REDWOOD CITY -- Given a chance to express remorse for killing his wife, Pooroushasb "Peter" Parineh instead castigated his children and blamed them for her death, prompting a judge to call him "a coward" as she sentenced him to life in prison.
Parineh, 67, addressed the court for about 20 minutes Friday at a hearing in San Mateo County Superior Court, alternately listing some of his most valuable possessions and lashing out at his estranged children, suggesting they drove their mother to suicide.
"You three don't have the right to put me in the coffin alive," said Parineh, who was shackled and dressed in orange jail clothes. He later added, "I can forgive you for what you have done to me with your lies over and over, but know that I cannot and will not forgive you for what you have done to your mother or my wife."
Judge Lisa Novak seemed to run out of adjectives in her scathing response to Parineh, convicted May 23 of fatally shooting his wife, Parima, in their Woodside mansion, then trying to pass her death off as a suicide attempt. Prosecutor Jeff Finigan argued Parineh was trying to access a $30 million life insurance policy that paid out to his children and included a suicide clause.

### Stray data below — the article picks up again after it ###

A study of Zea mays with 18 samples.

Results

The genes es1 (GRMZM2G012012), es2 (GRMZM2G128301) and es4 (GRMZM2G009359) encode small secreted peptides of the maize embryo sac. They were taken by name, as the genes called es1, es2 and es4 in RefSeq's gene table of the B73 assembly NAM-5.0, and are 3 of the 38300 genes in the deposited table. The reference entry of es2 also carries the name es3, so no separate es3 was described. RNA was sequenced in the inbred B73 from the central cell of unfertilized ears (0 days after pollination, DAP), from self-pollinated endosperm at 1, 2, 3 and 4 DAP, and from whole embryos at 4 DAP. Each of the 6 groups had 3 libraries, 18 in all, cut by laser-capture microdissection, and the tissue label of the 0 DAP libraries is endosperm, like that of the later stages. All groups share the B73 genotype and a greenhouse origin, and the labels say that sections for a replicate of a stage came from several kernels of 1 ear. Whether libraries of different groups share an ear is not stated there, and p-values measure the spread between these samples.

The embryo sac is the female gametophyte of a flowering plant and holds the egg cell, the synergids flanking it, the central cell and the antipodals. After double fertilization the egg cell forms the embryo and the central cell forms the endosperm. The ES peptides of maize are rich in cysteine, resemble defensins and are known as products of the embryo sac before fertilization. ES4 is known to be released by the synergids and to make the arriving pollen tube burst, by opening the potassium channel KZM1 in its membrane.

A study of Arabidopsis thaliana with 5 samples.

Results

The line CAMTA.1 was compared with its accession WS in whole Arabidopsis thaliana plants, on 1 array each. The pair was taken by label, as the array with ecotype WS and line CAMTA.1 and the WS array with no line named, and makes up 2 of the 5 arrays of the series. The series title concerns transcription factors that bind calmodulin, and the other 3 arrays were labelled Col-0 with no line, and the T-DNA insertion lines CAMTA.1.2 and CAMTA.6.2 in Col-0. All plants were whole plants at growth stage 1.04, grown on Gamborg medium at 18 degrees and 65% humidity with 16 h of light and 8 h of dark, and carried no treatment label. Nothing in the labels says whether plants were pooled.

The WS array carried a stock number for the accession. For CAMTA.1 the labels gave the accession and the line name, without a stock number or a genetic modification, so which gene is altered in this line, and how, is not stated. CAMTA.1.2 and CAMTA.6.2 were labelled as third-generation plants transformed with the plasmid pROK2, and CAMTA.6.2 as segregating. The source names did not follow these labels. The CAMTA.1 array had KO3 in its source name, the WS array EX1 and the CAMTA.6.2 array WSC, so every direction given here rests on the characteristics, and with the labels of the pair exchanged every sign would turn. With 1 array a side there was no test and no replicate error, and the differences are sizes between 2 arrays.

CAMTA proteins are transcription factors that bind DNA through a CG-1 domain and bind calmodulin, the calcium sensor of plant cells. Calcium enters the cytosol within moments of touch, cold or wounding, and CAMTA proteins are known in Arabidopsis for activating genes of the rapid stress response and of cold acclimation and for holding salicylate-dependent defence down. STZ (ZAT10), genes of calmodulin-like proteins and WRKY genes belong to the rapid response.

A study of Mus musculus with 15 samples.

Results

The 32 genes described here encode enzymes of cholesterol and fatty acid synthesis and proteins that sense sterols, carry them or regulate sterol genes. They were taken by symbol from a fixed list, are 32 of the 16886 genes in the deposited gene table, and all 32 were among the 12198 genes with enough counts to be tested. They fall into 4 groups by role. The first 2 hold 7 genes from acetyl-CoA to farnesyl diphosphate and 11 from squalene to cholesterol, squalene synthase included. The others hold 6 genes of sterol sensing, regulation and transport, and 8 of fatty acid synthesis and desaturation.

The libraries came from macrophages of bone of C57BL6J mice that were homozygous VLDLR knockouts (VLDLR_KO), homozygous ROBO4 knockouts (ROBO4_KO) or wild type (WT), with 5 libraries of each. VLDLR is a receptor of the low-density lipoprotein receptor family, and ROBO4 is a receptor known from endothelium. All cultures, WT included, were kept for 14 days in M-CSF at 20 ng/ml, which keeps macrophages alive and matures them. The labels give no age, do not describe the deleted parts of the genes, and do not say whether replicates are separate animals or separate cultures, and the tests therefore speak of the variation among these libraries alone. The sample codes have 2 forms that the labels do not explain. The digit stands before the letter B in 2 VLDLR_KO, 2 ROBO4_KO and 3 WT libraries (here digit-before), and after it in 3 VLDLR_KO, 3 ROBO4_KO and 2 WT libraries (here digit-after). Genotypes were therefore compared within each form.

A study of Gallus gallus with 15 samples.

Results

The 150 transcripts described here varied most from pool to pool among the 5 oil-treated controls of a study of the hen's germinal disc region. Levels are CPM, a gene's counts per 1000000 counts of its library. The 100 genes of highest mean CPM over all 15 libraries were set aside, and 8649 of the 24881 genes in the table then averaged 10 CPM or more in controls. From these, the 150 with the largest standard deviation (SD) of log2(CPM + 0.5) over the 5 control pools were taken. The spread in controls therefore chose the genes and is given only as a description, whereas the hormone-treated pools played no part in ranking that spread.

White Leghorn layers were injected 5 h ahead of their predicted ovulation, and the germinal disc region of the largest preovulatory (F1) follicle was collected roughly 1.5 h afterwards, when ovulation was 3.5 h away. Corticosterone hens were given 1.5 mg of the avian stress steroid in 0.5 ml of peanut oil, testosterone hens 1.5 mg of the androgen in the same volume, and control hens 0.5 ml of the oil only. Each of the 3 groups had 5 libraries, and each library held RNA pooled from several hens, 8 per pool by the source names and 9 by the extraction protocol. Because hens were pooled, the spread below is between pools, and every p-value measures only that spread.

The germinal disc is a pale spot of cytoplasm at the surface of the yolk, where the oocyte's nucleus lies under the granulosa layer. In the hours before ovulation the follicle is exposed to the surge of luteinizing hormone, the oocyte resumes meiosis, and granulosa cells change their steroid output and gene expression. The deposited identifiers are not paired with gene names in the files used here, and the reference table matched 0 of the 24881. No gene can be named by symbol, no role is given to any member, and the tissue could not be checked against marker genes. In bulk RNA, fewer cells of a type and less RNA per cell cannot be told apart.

"It appears your arrogance is exceeded only by your greed, which is exceeded only by your cowardice," said Novak, labeling the defendant a "shameful, petty little man" and ripping his pre-sentencing statement as "appalling and repugnant."
Two of Parineh's three adult children listened to their father's tirade from the front row of the gallery. The children filed a wrongful-death lawsuit against him in 2012 and testified against him at trial.
"It's just tough to sit through," Austiag Hormoz Parineh, 33, said after the hearing. "I think Judge Novak really summed it up well."
Parineh's real estate empire was crumbling in April 2010 when he shot her twice in the head, Finigan told jurors during the nearly monthlong trial. He will now serve the rest of his life in prison without the possibility of parole.
Three people attended the sentencing in support of Parineh. Doll Stanley, 64, said she was married to the defendant for four years when she was in her 20s. Parineh was a blustery, ornery man, she said, but that doesn't mean he killed his wife.
"It's a tragedy all the way around," said Stanley, who flew in from Mississippi. "A tragedy for everybody."
Contact Aaron Kinney at 650-348-4357. Follow him at Twitter.com/kinneytimes.